July 20th, 2004

A man in Soka City, Saitama Prefecture rushed to a police koban (a mini-police station) for help, but was tackled by three yakuza (gangsters) in front of the police box as the policeman on watch stood by. One of the men said, “This is our own matter. It’s got nothing to do with police.” The policeman was urged to “Do something!” by a rescue worker at the scene to help a different injured person. The officer reportedly walked towards them as the three gangsters dragged the man off, dumped him into a car and drove off. The man was later found severely beaten, with “broken arms and legs.” The policeman’s excuse? “He didn’t enter the police box and didn’t request help.”

I don’t really think anyone can count on Japanese police in a serious situation. Even in minor situations, they are not effective. They consistently stop regular scooter and motorcycle drivers for doing things like making a right turn at an intersection with three lanes as opposed to two lanes, or for crossing lanes over a yellow line even when there is no other traffic on the road–but they do not lift a finger to stop or penalize bosozoku bikers (ill-mannered biker thugs who ignore pretty much all traffic and safety laws, and adjust their bikes so as to make them as noisy as possible) as they brazenly scream through residential areas at 2 o’clock in the morning.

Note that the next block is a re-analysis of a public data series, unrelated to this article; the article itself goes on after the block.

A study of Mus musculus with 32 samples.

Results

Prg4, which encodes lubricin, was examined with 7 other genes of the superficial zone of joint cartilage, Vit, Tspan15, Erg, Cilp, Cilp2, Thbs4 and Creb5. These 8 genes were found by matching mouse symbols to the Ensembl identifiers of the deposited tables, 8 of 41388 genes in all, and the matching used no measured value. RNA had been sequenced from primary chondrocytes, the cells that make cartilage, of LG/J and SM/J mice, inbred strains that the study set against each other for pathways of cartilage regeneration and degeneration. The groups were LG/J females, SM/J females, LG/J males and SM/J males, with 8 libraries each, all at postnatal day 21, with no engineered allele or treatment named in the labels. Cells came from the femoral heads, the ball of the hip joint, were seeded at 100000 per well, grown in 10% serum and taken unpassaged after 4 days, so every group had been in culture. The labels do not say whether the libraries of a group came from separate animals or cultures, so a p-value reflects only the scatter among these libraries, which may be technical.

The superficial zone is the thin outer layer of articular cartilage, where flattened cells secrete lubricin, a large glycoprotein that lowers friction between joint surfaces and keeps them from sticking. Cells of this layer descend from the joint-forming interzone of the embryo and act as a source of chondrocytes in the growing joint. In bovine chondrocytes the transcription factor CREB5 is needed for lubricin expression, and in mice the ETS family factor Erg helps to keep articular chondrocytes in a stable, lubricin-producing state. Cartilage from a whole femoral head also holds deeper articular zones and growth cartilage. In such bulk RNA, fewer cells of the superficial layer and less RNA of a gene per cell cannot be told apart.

Police in Japan have a good reputation because of high arrest and conviction rates, but that is due more to sleight of hand than real police work. Police here will usually refuse to file reports on crimes that likely cannot be solved; many victims of muggings, assault, robbery and molestation are told to simply forget the whole situation, especially when they cannot describe the attacker. Convictions are high because judges here usually take a prosecutor’s decision to charge someone as evidence of proof of wrongdoing; additionally, police here can hold a suspect for 23 days without a charge or access to an attorney (or for multiples of 23 days, by “releasing” then re-arresting them), and have been known to sometimes apply beatings or other methods of intimidation or torture, in order to force a confession.

Please don’t get me wrong, I love Japan, and it really is a safe place. But not because of the police.